A novel ransomware variant known as “3AM” has come to light following an unsuccessful LockBit ransomware attack on a target network. Researchers have disclosed that this malware is still relatively rare and has been used only sparingly.
It emerged as a contingency plan for a ransomware affiliate when their attempt to deploy LockBit was thwarted by defensive mechanisms.
Instances of 3AM ransomware attacks are infrequent, with researchers reporting encountering it in just a single incident. In this particular case, the ransomware affiliate turned to 3AM as an alternative due to their inability to execute the LockBit ransomware.
The 3AM ransomware attack, which occurred around February during what seems to be its initial launch phase, involved data theft before encryption.
Subsequently, a ransom note was dropped, containing threats to sell the stolen information unless the ransom was paid.
The operation behind 3AM maintains a rudimentary negotiation site on the Tor network. This site merely grants access to a negotiation chat window based on a passkey provided within the ransom note.
Notably, 3AM is coded in Rust and appears to have no direct ties to any known ransomware family, marking it as an entirely new malware strain.
Before commencing file encryption, 3AM attempts to halt multiple services running on the compromised system, primarily targeting security and backup products from vendors such as Veeam, Acronis, Ivanti, McAfee, and Symantec.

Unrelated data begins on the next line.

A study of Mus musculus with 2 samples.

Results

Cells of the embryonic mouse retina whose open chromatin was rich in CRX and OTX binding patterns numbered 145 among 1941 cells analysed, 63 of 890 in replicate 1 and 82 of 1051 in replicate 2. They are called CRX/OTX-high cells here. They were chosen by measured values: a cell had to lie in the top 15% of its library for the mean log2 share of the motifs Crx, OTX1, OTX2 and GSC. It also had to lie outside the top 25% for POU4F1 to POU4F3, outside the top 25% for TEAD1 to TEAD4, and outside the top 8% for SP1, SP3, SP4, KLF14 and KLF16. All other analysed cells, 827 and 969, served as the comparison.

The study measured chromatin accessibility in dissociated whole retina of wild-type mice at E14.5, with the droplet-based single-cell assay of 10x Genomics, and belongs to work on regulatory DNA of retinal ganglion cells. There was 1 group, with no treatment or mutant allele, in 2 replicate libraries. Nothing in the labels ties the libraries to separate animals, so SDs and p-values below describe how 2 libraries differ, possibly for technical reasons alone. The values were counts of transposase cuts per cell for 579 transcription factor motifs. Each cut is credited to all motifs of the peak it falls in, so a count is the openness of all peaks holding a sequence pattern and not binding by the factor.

Upon successful encryption, files receive a “.THREEAMTIME” extension, and the malware makes an effort to delete Volume Shadow copies to hinder data recovery.
The researchers observed that a 3AM ransomware attack is preceded by the execution of a “gpresult” command, which retrieves the system’s policy settings for a specific user.
Further investigation revealed the use of various commands typically associated with reconnaissance activities, such as “whoami,” “netstat,” “quser,” and “net share.” The threat actor also engaged in server enumeration (“quser,” “net view”), added a new user for persistence, and employed the outdated wput FTP client to transfer files to the attacker’s server.
While new ransomware families frequently emerge, only a few attain enough prominence to establish stable operations. Given that 3AM was utilized as an alternative to LockBit, it may pique the interest of other attackers and become more prevalent in future attacks.
However, despite its status as a new threat, which often evades detection more effectively, 3AM achieved only partial success in the Symantec-investigated attack.
The threat actor managed to deploy the malware on just three machines within the targeted organization, and its activity was effectively halted on two of those systems, underscoring the presence of existing defenses against it.